Multinational businesses are attracted to cities like Bangalore because of their deep talent pool, modern infrastructures, and thriving communities of global businesses.
Standard Chartered already has other global business services operations in China, India and Malaysia which employ 19,000 people. It plans to eventually have 30% of its total global business services staff based in Bangalore.
Michael Gorriz, group CIO at Standard Chartered, said technology is at the centre of the bank’s growth strategy. “Our investment in Bangalore is an important strategic step to enable access to a pool of highly skilled talent who can support our ambitions to be a digital bank with a human touch,” he said.
“We are here to attract the best minds in India’s Silicon Valley to join us in redefining banking for the world. This will be a key location for several of our global centres of excellence, providing highly sophisticated and complex support as well as advisory capabilities to our businesses.”
Cities such as Bangalore offer access to highly skilled and experienced IT professionals and a variety of business skills.
Technology giants, in particular, have vast operations in India. Google’s largest campus outside the US is in the Indian city of Hyderabad, which can accommodate 6,500 employees. Apple also has an operation there, with a 250,000ft2 technology development centre. And about 130,000 of Accenture’s 400,000-strong global workforce is based in India.
Outside IT, industrial giant GE recently added a digital hub to its global network by opening a centre in Bangalore, which will house 2,500 tech professionals. The city is becoming a hub for financial services, with a large talent pool experienced in finance and banking, as well as IT. ANZ, Danske Bank, Deutsche Bank, Goldman Sachs and Morgan Stanley all have a major presence in Bangalore.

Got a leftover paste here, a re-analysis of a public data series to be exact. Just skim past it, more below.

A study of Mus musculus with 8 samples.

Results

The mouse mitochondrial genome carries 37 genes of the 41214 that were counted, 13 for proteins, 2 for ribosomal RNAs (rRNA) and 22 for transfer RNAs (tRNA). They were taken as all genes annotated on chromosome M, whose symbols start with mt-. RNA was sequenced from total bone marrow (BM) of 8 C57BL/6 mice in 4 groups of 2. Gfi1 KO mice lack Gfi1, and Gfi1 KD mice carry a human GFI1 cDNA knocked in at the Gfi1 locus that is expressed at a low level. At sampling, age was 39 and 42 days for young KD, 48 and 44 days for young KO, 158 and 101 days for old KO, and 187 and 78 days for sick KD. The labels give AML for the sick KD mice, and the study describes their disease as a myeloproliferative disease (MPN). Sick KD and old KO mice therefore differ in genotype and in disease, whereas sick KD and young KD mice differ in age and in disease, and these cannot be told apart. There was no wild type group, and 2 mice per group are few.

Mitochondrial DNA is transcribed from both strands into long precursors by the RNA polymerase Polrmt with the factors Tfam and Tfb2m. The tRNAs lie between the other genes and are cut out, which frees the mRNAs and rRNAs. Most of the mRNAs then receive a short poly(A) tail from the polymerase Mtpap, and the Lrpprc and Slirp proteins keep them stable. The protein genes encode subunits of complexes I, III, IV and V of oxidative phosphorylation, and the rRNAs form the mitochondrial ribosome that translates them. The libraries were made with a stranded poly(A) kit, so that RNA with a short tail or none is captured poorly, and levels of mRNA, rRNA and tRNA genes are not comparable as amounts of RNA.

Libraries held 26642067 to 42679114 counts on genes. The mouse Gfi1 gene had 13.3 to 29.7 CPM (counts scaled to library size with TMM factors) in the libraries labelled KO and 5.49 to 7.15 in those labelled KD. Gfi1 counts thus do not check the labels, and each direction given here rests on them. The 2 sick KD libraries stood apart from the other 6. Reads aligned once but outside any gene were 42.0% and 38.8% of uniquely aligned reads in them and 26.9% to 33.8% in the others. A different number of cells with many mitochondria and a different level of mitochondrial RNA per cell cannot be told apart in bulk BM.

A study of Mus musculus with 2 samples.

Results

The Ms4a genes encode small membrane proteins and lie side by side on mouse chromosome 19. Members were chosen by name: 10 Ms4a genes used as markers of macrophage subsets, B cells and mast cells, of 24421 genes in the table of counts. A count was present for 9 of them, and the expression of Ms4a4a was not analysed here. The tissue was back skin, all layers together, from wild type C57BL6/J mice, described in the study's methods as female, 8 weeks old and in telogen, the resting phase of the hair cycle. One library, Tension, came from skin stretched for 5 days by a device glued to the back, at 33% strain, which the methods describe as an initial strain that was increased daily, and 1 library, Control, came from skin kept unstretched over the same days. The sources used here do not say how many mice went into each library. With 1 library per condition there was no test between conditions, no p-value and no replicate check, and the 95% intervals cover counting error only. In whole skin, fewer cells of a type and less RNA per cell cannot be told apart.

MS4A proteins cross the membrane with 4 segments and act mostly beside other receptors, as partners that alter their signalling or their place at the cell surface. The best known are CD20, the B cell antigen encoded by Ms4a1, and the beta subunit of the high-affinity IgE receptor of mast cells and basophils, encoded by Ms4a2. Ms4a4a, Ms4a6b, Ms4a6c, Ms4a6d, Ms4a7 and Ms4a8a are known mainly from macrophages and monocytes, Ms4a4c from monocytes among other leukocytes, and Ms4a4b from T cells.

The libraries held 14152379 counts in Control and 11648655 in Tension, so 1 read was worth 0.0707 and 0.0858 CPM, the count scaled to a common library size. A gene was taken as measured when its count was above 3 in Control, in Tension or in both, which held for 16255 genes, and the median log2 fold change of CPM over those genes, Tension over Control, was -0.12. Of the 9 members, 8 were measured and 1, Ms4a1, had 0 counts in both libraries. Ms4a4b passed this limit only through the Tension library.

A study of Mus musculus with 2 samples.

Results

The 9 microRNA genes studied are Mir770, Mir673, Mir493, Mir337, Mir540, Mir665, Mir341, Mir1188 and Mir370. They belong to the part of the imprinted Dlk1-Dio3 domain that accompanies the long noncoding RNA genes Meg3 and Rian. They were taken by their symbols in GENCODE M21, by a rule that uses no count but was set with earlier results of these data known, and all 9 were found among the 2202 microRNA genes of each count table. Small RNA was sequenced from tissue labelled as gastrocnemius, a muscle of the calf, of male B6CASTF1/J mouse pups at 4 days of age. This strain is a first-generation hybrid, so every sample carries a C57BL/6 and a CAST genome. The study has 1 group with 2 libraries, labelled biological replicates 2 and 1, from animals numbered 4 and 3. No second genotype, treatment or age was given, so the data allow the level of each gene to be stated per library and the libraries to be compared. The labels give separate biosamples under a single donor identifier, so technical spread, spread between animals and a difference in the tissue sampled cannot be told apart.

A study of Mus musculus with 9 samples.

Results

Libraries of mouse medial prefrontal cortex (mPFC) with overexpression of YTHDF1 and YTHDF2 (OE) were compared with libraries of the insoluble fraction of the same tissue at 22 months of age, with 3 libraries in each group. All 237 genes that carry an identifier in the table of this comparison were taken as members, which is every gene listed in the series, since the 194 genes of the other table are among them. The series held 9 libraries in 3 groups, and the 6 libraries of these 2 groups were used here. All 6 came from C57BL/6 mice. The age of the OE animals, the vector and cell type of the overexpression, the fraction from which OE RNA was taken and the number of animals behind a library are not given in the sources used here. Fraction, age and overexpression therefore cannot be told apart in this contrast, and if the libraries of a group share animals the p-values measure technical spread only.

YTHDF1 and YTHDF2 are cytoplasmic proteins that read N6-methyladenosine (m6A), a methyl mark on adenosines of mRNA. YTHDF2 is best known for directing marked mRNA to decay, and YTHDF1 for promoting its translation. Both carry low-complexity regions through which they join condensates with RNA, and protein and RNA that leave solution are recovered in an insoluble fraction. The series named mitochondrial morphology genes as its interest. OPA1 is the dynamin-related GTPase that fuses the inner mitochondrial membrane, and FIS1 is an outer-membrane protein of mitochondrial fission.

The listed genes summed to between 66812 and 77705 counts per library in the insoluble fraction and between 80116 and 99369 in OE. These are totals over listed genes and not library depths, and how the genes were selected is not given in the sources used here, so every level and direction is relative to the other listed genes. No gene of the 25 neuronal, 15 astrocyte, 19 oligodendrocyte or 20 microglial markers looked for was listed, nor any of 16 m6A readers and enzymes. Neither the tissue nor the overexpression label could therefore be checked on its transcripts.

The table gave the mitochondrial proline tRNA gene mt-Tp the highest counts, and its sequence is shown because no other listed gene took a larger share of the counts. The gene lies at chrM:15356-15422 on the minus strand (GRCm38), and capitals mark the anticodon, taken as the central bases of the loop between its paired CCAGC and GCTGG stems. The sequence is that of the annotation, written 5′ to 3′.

Peter Schumacher, CEO at business consultancy the Value Leadership Group, said Standard Chartered has been a pioneer in setting up global delivery centres. “Starting in 2001, it was one of the first banks to develop an integrated network of shared services centres in Asia,” he said. “It is committed to in-house IT development and operations, and outsources very little to service providers.”
Schumacher added: “A growing number of foreign companies are expanding their captive centres in India to create and capture greater benefits by moving the work performed there up the value curve and developing more innovation.”
They are building deep domain capabilities, implementing globally integrated processes, and developing globally collaborative work environments, he said. “The investments being made by many captives underscore the fact that the global services paradigm is shifting from cost to skills, productivity and innovation.”